5 lessons to be learnt from the WADA Fancy Bear cyber attack

Sensitive details concerning stars like Serena Williams have been leaked online - here's what businesses need to learn from this high-profile cyber attack.

By Ellie Burns

The World-Anti-Doping Agency (WADA) has been hit by a hacking group known as Fancy Bears, with the group releasing the sensitive private data of athletes online. Data concerning such superstars as Serena Williams has been leaked online, with WADA confirming both the hack and the perpetrators as the allegedly Russian hacking group.

Read CBR’s ‘Cyber Cold War: Unmasking the Russian Hacker’ here.

WADA confirmed that its Anti-Doping Administration and Management system had been breached via login credentials assigned to an International Olympic Committee-created account for Rio 2016. The usernames and passwords were obtained through effective spear phishing attacks, where legitimate users were tricked into handing over their logins.

The leaked data only pertains to data from Rio 2016, although some of the leaked documents seems to date from before the summer games. WADA confirmed that a number of confidential medial data had been stolen, which was confirmed in the leaked files.

Although this raises serious questions about state-sponsored hacking, businesses can learn some very vulnerable lessons from the attack on WADA. CBR talked to the experts to see what businesses need to know and what to do in order to protect against a mass breach and phishing attack in the future.

1. Any Buisness Can Get Hacked

Luke Brown at Digital Guardian said: 

“Threat actors target both the public and private sectors, and everyone, even a global sporting regulator, can be vulnerable to these style of attacks. To safeguard against spear-phishing, employees should be cautious of clicking embedded URLs or opening attachments in email.


For more advanced attacks, businesses should look to deploy software that can warn users when a program attempts to download a file from the Internet or write a file to disk. This will help organisations prevent such activities from happening in the background without users being aware. Prompts can also help train users to recognise and report attacks in progress.”


2. Fear Phishing

Wieland Alge at Barracuda Networks, said: 

“The most successful phishing attacks are those that impersonate a person, particularly if the recipient knows, or is expecting to hear from, that person, so initially those that have been targeted don’t even realise they’ve fallen victim.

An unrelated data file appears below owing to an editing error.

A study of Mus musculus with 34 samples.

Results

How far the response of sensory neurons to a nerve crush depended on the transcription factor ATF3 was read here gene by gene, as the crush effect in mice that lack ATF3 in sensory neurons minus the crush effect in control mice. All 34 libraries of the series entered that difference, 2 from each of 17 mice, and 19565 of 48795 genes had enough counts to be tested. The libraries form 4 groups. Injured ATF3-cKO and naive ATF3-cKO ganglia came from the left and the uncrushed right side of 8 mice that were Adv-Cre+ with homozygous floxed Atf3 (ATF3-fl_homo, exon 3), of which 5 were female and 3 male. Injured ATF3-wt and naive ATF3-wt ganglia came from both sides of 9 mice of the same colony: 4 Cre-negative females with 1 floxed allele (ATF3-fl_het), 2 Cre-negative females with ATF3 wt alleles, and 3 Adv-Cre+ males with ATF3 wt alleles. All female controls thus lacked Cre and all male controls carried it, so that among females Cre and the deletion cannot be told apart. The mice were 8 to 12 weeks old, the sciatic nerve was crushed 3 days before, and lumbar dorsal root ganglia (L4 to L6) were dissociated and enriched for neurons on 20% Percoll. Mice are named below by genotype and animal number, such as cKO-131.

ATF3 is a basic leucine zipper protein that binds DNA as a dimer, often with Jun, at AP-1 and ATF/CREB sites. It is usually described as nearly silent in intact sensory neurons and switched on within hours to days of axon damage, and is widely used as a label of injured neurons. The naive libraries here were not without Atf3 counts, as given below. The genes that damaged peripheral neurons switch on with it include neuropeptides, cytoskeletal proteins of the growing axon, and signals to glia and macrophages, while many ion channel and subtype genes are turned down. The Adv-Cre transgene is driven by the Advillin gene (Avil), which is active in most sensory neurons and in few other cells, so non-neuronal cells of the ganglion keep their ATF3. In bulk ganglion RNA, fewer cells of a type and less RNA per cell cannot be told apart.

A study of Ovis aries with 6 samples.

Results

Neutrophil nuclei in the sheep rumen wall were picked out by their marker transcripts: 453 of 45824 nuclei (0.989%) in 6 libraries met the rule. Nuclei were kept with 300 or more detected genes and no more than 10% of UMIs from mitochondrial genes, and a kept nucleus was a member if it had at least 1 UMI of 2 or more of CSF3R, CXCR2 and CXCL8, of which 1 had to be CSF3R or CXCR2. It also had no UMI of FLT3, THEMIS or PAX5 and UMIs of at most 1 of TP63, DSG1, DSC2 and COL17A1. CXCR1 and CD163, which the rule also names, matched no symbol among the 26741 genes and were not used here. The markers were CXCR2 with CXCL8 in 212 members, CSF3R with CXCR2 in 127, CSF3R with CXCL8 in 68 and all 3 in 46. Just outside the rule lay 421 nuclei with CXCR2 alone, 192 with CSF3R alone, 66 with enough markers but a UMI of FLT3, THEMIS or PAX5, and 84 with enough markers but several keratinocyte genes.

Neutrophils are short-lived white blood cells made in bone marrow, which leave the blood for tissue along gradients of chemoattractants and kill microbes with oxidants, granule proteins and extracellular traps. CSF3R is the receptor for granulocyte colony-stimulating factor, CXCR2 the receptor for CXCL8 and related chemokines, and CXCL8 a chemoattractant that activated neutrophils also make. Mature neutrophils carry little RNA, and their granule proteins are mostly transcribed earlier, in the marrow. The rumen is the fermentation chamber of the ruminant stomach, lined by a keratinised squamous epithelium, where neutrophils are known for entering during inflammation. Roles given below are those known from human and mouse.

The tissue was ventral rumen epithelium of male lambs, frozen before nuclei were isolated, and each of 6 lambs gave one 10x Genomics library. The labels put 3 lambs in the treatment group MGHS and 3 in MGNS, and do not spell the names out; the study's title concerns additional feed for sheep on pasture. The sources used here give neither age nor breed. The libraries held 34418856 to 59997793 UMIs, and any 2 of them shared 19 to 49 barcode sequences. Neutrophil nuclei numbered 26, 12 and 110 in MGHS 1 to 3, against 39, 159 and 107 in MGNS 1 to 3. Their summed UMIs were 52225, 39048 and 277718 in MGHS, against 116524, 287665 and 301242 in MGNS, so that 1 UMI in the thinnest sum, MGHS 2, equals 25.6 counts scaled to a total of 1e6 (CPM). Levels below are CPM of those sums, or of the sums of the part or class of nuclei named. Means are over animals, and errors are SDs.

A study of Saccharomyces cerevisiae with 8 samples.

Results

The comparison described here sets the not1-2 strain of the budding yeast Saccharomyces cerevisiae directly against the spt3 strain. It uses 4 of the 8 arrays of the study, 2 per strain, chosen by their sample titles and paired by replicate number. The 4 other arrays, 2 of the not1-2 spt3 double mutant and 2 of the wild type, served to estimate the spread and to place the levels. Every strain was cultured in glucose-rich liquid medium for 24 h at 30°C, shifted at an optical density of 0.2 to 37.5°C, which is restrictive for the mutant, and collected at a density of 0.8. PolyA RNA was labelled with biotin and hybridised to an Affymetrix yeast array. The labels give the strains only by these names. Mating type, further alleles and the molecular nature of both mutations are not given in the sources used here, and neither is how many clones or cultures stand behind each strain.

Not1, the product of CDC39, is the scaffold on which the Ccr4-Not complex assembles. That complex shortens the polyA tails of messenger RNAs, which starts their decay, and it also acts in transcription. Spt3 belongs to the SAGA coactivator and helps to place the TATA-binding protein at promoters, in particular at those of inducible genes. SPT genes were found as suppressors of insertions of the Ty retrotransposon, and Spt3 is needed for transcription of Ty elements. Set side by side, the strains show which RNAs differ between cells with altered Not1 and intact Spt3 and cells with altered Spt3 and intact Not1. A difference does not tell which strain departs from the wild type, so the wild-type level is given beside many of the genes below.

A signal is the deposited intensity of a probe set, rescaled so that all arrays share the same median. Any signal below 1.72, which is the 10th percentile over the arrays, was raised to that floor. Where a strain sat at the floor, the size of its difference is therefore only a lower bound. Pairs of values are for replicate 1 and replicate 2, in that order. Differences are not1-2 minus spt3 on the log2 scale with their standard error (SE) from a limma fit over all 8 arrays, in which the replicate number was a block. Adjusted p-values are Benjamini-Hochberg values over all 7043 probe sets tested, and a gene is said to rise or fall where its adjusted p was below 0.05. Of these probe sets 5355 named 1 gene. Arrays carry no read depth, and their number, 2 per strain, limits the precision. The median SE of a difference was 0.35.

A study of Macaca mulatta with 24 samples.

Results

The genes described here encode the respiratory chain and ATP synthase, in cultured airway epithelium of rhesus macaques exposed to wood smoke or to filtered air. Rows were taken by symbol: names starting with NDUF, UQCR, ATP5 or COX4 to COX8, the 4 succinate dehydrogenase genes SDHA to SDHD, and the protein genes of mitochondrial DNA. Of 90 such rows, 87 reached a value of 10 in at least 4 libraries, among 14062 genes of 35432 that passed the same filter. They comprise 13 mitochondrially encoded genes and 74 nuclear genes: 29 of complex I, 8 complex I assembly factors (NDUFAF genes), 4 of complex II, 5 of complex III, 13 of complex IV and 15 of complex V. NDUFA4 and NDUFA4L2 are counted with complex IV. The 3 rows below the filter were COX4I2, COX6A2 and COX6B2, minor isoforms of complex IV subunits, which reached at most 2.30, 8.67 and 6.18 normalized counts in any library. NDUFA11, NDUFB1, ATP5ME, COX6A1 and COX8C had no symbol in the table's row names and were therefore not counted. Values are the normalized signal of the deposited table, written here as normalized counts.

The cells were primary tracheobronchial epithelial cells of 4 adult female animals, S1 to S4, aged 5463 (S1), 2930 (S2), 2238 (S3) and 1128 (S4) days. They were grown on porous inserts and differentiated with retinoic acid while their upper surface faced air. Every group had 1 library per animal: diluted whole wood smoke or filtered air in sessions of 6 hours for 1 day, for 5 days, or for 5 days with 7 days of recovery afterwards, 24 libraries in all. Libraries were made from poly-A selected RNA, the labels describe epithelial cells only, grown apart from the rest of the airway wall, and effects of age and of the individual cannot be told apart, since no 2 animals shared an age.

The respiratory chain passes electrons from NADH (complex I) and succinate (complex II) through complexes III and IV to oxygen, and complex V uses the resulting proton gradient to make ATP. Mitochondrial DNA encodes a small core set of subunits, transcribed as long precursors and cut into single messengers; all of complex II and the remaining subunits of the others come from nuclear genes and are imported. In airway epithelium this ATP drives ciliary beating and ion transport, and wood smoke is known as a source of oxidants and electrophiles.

“Spear phishing attacks are not particularly technical. For example, attackers often make subtle changes to the email address they use to send the spam from. This might include a spelling mistake or adding an extra character. Most people are trying to get things done quickly, so it really isn’t difficult to trick them. What’s clear is that the digital transformation of crime is running ahead of the digital transformation of most businesses. Because of this, many companies are vulnerable against a type of attack that does not only use technology, but a well-trained team of people.”


3. You Are Broken – Just Admit It

John Madelin, CEO at RelianceACSN said: 

“This Fancy Bear hack is a classic example of a well-executed spear phishing campaign used to dupe users into handing over their login details. It’s the latest in a long line of successful breaches carried out this year alone. But despite this, the industry refuses to recognise it is fundamentally broken. It’s simple economics, it costs far less for a hacker to breach companies’ walls than the worth of the data they’re targeting.

“Sensitive information like that held by WADA is part of the organisation’s critical data, and therefore needs to be completely secure. Key lessons to be taken away from this breach are that organisations need to educate employees and users on best practices to help prevent attacks like this in the future, and make the cost of breaching an organisation’s defences more than the data is worth to would-be hackers.”


4. Data Breaches Are Getting Personal

Jason Hart, CTO Data Protection at Gemalto said: 

“Regardless of your opinion on athletes and doping, the breach of the World Anti-Doping Agency’s (WADA) website is clearly an example of the changing face of data breaches and the rise of identity theft. According to Gemalto’s Breach Level Index, identity and personal data theft accounted for 64% of all data breaches in the first half of 2016. The main motivation for cybercriminals continues to move beyond financial theft to long-term identity theft. Data breaches are now more personal, as this WADA breach demonstrates, with the universe of risk exposure for people widening.”


5. Education, Education, Education

David Kennerley at Webroot said: 

“This attack demonstrates that the humble phishing scam continues to thrive as one of the most effective attack vectors, and is yet another example of the need for strong and continuous communication between organisations and their employees. User education should never be underestimated – it’s arguably the most cost-effective approach to improving the security posture of any organisation.

“Employees and users of an enterprise’s IT systems must be educated on the risks associated with phishing, with regular training and testing essential to ensure robust security. Fundamentally, organisations must realise that cybercriminals only need to find one hole in the defences to do serious damage, whereas security professionals have to secure against all eventualities, including phishing.”